Near Record Pace of Foreclosure Suggests Further Price Declines Ahead


By Dean Baker

September 16, 2009

Close to 40 percent of buyers are first-time home buyers.

Realtytrac reported a slight drop in August from the record pace of foreclosure notices reported in July, but the 358,471 foreclosure actions in the month were still the second highest on record. This corresponds to an annual rate of more than 2 million foreclosures, assuming an average of two notices for each foreclosure.

This means both that mortgage modification programs are still having a very limited effect in slowing the pace of foreclosure and that foreclosures will continue to glut the market with houses for sale. With combined new and existing home sales running at close to 5.5 million a year, the resale of foreclosed properties will comprise close to 40 percent of this market.

Interestingly, foreclosures fell sharply in some of the former bubble states, with Nevada, Arizona, and California experiencing declines of 8.4 percent, 9.6 percent, and 14.6, respectively. In California, foreclosures are down by 9.2 percent year over year, although it still has the third highest foreclosure rate in the country. In some of these markets, prices have probably hit bottom. They are unlikely to have any sharp rebound any time soon, but the bubble has deflated and house prices are likely to move upward more or less with inflation in the years ahead.

In contrast to the situation in these former bubble markets, foreclosure rates rose across most of the New England states, although part of the rise is likely due to changes in methodology. With a 15.6 percent rise in foreclosure filings from July, Massachusetts now ranks 16th in the country in foreclosure filings. Massachusetts has yet to see any substantial decline in prices, even though its market had one of the larger bubbles in the country.

At this point, it is still too early to assess the impact of the first-time buyer’s tax credit. The credit does not expire until the end of November, but anyone hoping to complete a closing by this time (a requirement to get the credit), will have to be in the market now. Over the course of October, the impact of the credit on new contracts should dwindle, as people seeking the credit will have already bought their home. If Congress chooses to extend the credit, the extension will almost certainly have much less impact, since most potential first-time buyers will have already purchased their homes.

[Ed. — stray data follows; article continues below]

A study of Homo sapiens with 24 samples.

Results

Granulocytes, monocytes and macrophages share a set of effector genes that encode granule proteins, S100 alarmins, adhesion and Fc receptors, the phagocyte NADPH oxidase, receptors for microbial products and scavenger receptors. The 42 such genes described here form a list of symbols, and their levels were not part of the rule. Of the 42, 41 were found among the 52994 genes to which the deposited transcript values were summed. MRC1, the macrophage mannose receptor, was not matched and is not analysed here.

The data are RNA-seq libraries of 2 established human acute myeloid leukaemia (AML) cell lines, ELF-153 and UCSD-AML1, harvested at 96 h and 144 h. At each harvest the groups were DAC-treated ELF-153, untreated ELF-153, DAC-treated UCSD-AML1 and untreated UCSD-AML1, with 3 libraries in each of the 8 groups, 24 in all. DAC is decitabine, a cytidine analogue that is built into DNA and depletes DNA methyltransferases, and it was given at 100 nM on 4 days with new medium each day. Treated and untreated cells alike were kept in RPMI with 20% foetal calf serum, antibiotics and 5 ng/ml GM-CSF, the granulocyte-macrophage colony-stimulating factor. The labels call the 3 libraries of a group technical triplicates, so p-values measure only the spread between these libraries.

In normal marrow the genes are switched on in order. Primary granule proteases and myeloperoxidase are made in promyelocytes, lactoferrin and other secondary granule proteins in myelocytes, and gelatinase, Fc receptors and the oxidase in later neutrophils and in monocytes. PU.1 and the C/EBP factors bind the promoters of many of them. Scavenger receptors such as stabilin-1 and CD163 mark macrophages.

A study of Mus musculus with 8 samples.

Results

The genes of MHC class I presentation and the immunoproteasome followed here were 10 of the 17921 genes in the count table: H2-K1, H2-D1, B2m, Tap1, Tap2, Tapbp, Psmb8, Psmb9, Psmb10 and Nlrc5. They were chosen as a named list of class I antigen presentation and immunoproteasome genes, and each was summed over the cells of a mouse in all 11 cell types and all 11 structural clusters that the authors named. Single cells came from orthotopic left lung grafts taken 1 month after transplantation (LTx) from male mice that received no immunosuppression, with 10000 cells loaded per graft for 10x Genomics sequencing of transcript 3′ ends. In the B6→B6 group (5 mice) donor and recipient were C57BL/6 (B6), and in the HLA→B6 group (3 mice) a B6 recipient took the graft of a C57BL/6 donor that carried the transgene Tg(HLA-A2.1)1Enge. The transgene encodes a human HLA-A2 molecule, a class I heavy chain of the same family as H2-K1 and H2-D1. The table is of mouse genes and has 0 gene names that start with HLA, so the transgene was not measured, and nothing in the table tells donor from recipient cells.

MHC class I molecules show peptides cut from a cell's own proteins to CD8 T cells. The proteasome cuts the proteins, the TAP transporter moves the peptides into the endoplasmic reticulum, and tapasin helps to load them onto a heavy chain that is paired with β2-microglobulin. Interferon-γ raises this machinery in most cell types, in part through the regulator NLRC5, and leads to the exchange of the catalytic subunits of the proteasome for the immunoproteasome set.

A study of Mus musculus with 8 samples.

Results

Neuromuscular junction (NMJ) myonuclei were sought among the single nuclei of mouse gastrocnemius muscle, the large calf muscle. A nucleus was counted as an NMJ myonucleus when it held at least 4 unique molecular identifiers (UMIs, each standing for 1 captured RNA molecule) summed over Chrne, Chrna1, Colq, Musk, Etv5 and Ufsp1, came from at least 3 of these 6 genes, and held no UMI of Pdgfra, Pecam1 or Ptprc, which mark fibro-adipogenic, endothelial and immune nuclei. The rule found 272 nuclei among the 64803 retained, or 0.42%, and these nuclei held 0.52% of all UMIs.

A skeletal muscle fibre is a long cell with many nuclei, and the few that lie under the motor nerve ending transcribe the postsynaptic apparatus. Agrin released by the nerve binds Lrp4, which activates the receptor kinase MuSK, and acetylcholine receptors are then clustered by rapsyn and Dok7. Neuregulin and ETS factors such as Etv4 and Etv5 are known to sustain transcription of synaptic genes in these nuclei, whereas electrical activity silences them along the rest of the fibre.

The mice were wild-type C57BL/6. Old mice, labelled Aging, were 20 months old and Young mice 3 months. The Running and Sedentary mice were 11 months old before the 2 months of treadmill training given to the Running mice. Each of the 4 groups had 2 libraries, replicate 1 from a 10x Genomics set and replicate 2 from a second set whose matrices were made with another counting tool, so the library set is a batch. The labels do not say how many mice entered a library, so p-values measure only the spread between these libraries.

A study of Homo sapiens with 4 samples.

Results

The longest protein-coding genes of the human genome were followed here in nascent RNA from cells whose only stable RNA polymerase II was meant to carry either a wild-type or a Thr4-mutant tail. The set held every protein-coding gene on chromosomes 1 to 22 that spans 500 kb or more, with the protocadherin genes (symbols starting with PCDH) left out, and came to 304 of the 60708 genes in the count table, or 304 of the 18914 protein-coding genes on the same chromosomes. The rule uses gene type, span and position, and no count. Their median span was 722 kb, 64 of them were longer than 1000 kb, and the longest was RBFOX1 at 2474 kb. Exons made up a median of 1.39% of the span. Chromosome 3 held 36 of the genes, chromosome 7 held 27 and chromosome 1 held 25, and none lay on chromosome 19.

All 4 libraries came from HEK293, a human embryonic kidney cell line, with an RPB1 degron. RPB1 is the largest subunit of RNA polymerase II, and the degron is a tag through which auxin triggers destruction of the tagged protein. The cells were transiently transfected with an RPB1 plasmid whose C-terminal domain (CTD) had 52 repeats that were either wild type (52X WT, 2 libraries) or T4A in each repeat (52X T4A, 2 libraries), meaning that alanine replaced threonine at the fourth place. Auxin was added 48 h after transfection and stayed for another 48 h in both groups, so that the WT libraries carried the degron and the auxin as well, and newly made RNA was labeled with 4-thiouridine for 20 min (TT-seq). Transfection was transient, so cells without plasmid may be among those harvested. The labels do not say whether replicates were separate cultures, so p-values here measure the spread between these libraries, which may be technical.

As noted before, there is a strong likelihood that price declines will resume later this fall. The uptick in sales driven by the credit has led to a substantial increase in the number of homes offered for sale at just the time that the boost from the credit is dwindling. The inventory will also be a much larger drag in the slow-selling winter months than in the spring and summer. This imbalance is also taking place against a backdrop of rising unemployment, falling rents in many areas, and house prices that are still 10-15 percent above their trend level as a nationwide average.

The one big plus for the housing market continues to be extraordinarily low interest rates. The Fed’s actions in buying up mortgage-backed securities have succeeded in keeping rates much lower than they otherwise would be. This is one part of the Fed’s special lending that will be difficult to unwind any time soon.

The Fed’s efforts to maintain low mortgage rates will get considerably more difficult if there is any evidence of rising inflation. In this respect, the August data on producer prices and import and export prices were not good news. The indices showed somewhat higher inflation than most economists had predicted. While current rates of inflation clearly are not a problem, and there is no plausible story of the inflation rate rising to dangerous levels any time soon, these facts will not prevent the markets from becoming concerned. 

The Fed may find itself having to confront the fear of inflation rather than actual inflation. This may cause the Fed to backtrack from its commitment to buy mortgage-backed securities, which in turn will lead to higher mortgage interest rates.
Dean Baker is Co-Director of the Center for Economic and Policy Research, in Washington, D.C. CEPR's Housing Market Monitor is published weekly and provides an incisive breakdown of the latest indicators and developments in the housing sector.